Why is Mosaic Knitting a good technique to learn?
The short answer: because you can make many (but not all) different kinds of multi-colored projects very easily.
This is the first in a three-part series of articles on how to read knitting patterns for Mosaic Knitting. Note that very few such patterns will actually call it by name – it is the mix of slipped and knitted/purled stitches that make the fabric a Mosaic Knitting example.
This article will focus on a piece of knitted fabric that looks like this:
I’m going to call this a Square Dot pattern. It consists of two rows of Stocking Stitch in White, and then two rows where two stitches of white alternate with two stitches of a variegated yarn. The result is a bunch of colored 2-stitch-by-2-row blocks embedded in a sea of white. That’s why I call it Square Dots.
How to Make This Without Mosaic Knitting
Here is a simple chart showing how to make this pattern as described above:
Here is an explanation of how to read this chart (it is so easy that it is useful as an introduction to reading charts).
- Each box refers to a stitch.
- That stitch is Knitted if you are working on the Right Side of the fabric, or Purled if you are working on the Wrong Side of the fabric. The basic stitch is Stocking Stitch.
- Where you see a white square, work the stitch with the background color. Where you see a green square, work the stitch with the contrasting color.
- Read the chart from right-to-left on the odd-numbered rows (the Right-Side rows in this example).
- Read the chart from left-to-right on the even-numbered rows (the Wrong-Side rows in this example).
Written out in words, this stitch pattern looks like this:
- With MC, cast on a multiple of 4 stitches plus 2
- Row 1: With MC, K.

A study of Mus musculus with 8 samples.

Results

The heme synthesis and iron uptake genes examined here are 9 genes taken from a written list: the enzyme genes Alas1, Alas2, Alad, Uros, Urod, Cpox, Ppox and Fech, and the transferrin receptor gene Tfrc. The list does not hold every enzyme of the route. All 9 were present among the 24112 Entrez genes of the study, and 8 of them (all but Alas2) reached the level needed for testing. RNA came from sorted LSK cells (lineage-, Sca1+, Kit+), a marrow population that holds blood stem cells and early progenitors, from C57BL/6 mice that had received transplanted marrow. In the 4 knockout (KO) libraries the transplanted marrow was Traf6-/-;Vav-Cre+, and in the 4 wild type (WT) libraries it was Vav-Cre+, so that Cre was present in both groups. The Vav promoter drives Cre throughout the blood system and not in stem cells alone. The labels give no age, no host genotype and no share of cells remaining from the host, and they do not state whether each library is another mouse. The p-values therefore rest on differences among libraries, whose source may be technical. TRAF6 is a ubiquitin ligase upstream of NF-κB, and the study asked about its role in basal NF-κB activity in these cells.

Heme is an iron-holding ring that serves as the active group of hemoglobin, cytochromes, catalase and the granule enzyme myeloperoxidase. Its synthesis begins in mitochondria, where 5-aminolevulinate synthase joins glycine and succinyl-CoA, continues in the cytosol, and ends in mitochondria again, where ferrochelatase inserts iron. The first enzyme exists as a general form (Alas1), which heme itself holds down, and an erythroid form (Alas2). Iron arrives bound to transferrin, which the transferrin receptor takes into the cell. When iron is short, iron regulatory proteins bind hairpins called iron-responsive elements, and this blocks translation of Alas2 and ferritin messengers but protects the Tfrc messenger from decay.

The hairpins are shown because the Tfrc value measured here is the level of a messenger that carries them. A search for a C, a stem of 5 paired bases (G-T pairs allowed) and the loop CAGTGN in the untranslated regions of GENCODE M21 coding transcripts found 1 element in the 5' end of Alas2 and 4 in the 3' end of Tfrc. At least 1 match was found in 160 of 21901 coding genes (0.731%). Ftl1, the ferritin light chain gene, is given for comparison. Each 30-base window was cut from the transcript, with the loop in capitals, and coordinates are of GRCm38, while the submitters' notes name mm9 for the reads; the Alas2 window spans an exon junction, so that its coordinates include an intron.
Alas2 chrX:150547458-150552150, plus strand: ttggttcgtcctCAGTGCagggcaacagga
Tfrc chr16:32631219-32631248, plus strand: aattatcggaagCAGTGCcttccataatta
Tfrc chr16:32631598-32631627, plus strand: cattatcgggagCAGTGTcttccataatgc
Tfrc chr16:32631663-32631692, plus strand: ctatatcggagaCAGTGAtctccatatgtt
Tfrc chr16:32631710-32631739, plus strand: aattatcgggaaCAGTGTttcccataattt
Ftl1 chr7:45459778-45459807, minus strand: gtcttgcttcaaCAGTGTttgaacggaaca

- Row 2: With MC, P.
- Row 3: With CC, K2. *With MC, K2. With CC, K2. Rep from * to end.
- Row 4: With CC, P2. *With MC, K2. With CC, P2. Rep from * to end.
- Rep Rows 1-4 for pattern
The problem? On Rows 3 and 4, every two stitches, you have to switch yarns. You are using both yarns as you work your way across the row. The yarns get tangled. And every time that you change color, you have to make sure that you don’t pull that new color too tightly, because otherwise the knitted fabric will be too narrow.
The Answer: Mosaic Knitting
Mosaic Knitting is a form of multi-color knitting in which only one color of yarn is used on any row. With the appropriate “slipping” of the stitches in the previous rows, interesting color patterns can be formed.
With this technique, there are a few rules or guidelines that are followed:
- Each colour is used for two consecutive rows (a right-side row and a wrong-side row).
- The colour is worked (not slipped) for the first and last stitches of the two rows.
- If a stitch is slipped on the right-side row, it is also slipped on the wrong-side row.
- When stitches are slipped, the working yarn is carried on the wrong side. Patterns typically will say:
- (For a right-side row)With yarn in back, slip n stitches.
- (For a wrong-side row)With yarn in front, slip n stitches.
- Usually the maximum number of stitches that are slipped is 3 – any more makes the yarn that is carried on the wrong side too long, and likely to snag or be pulled too tightly.
- Usually the right-side row is a Knit row. The wrong-side row may be a Knit or Purl or combination row.
- Mosaic Knitting can be done with both back-and-forth and circular knitting.
All those rules and guidelines are interesting – in fact, fascinating! But what do they mean to the beginning knitter?
Read the next article in this series for an example.